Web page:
There were conversations in the fall of 2018 — back when the names Zach Wilson, Dax Milne and Gunner Romney carried a lot less weight in Provo — that would shape the calculus of BYU’s offense in 2022.
In the dorm room that Romney and Wilson shared, and Milne often frequented, the trio of incoming freshmen talked about wanting to play in the NFL. Maybe, they thought, they would all enter the league together.
And four years later, two of them did. Wilson went as the No. 2 overall pick to the Jets. Milne went as the seventh-round pick to the Commanders. But one of them stayed back, and it was because of the trust he had built with those conversations.
When Romney’s turn came to decide whether to stay at BYU or leave for the NFL, he leaned heavily on Wilson’s and Milne’s opinions. They knew his aspirations, but also knew his skillset. That he was a cuspy NFL draft pick: talented but injury prone. And after consulting with them, he decided to stick around for one more year.
“I talked to [them] about the entire process, the entire thing,” Romney said. “And, you know, that really helped me with my decision and helped me know what I need to prepare for. The opportunity to play in the NFL was right there for me and you know, that’s something that’s really hard to turn down.”
So Romney is back for his fifth season at BYU. It is setting up to be a year that is part personal project — of upping his draft stock — and part boost to BYU’s offense.
He will be the clear-cut No. 1 receiver on an offense already returning 80% of its production. With Jaren Hall in his second year at quarterback, and offensive coordinator Aaron Roderick in his second year at the helm, Romney was the missing piece to complete the continuity.
And this year, with arguably the toughest schedule of the independence era for BYU, continuity on the offensive side will be needed more than ever.
“[He] is clearly our veteran guy [with Puka Nacua],” Roderick said on bringing back a player with 38 games of experience. “The wide receiving room is deep.”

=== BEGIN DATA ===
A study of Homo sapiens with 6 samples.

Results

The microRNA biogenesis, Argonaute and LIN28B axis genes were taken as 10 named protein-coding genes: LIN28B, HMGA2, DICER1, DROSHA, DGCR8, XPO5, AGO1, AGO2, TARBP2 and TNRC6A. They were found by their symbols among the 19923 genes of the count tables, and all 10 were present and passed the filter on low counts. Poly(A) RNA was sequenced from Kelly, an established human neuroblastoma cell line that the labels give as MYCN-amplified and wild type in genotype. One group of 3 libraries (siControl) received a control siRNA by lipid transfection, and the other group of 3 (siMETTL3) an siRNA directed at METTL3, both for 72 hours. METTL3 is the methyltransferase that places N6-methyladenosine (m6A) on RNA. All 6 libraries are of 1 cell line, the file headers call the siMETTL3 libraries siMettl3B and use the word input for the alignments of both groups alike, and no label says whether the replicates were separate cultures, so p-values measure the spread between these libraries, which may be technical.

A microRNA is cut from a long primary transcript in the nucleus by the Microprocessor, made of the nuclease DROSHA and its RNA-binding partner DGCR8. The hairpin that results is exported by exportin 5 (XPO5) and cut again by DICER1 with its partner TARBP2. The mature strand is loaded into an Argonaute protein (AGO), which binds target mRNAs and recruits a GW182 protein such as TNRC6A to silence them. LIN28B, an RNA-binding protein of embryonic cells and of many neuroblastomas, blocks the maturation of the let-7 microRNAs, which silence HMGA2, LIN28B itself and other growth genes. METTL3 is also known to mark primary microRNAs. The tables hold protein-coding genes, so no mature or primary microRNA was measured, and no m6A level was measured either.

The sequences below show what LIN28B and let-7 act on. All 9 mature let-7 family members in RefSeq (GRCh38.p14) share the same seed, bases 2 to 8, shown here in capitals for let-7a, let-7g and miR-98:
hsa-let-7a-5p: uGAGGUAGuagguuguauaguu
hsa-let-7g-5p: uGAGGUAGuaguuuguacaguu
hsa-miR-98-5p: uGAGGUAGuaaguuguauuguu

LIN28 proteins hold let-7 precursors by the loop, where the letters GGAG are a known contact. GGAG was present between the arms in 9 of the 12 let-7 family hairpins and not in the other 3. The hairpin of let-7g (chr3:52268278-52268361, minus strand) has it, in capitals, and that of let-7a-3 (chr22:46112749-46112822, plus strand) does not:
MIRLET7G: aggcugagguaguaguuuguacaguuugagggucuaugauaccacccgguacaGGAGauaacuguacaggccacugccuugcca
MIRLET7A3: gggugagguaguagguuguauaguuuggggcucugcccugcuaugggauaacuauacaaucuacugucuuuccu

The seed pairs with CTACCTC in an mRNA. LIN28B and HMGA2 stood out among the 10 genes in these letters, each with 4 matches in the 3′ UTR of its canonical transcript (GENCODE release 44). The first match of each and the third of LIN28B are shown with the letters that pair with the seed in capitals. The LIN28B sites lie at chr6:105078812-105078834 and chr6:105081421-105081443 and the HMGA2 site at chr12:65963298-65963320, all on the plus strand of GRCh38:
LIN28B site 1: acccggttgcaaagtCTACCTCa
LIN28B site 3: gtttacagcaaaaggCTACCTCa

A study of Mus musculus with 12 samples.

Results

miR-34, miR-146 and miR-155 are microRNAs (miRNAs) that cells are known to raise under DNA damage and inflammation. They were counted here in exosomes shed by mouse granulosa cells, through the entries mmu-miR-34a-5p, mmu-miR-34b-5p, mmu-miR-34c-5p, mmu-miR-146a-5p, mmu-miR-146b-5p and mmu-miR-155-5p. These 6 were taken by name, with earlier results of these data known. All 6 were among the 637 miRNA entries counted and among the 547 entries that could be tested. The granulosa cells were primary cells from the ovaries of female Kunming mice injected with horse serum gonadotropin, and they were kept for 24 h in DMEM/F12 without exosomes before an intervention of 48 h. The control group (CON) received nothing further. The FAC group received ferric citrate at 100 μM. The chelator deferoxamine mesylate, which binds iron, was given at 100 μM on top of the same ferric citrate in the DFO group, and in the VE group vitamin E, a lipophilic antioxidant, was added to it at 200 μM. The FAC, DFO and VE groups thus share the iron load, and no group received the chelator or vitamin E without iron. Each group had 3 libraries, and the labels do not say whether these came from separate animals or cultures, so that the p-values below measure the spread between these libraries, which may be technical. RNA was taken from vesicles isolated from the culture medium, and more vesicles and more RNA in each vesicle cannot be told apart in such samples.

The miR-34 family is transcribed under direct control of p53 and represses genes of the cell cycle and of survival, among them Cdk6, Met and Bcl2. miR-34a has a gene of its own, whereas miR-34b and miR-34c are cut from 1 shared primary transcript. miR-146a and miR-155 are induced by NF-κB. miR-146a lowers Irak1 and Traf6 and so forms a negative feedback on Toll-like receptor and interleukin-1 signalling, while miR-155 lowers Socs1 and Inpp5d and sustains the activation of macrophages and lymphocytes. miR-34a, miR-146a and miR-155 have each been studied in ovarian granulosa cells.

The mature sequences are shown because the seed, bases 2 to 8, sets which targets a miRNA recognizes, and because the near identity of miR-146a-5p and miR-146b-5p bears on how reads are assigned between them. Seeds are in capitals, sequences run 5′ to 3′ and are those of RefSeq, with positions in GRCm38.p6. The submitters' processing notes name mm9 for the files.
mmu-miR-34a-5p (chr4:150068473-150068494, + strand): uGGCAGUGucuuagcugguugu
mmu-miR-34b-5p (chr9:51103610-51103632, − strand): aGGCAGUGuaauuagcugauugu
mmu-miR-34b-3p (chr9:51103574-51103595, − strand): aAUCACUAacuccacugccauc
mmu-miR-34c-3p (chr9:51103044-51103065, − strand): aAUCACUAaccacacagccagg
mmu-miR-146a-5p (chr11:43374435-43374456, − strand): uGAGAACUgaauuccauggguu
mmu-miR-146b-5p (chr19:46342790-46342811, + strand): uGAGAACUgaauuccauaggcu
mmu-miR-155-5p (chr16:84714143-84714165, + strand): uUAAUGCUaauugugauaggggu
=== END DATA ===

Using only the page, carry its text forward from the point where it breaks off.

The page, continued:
On the personal side for Romney, this season will be about correcting his biggest flaws. The most pressing of those will be staying healthy.
Romney hasn’t played a full season yet since arriving at BYU. He played eight games last year after having an early season knee injury. He played 10 the year before that. At the NFL level, he knows an injury prone, older player is not desirable.
And the second part of the equation is showing explosiveness as an athlete. He’s above-average as a deep threat in BYU’s offense. Last year, he averaged 17.5 yards per catch. In 2020, he nearly averaged 20 yards per reception.
But there are plenty of athletes at the next level who can be down-field options. The separation will be turning smaller plays into first downs. It is something Milne, a similarly fringe NFL player, has done to stick in the NFL.
“I think my biggest strength is obvious,” Romney said of his self-evaluation. “But I want to be able to make [more] out of the shorter plays. So catching the 5-yard route and turning that into [something]. Or just being more explosive with my yards after catch and things like that.”
By his assessment, his explosiveness will be enhanced by staying healthy. He changed his approach this offseason by taking more time when his body is worn down. In previous years, he might have forced himself to lift or practice when his body wasn’t feeling well.
The injuries he’s had were mostly fluke plays, he says, and hard to prevent. In the first game of the season last year, a defender rolled up on his leg and hurt his knee. A similar play happened in 2020.
“I’m taking a more mature approach with my health,” Romney said. “I think if I would have stayed healthy, not just last season but the season before, I would have been gone already.”
But for now he is back, and with that he hopes will come a boost to both him and the team. It might be rare to return a player with 1,900 yards, but BYU’s offense will certainly take it.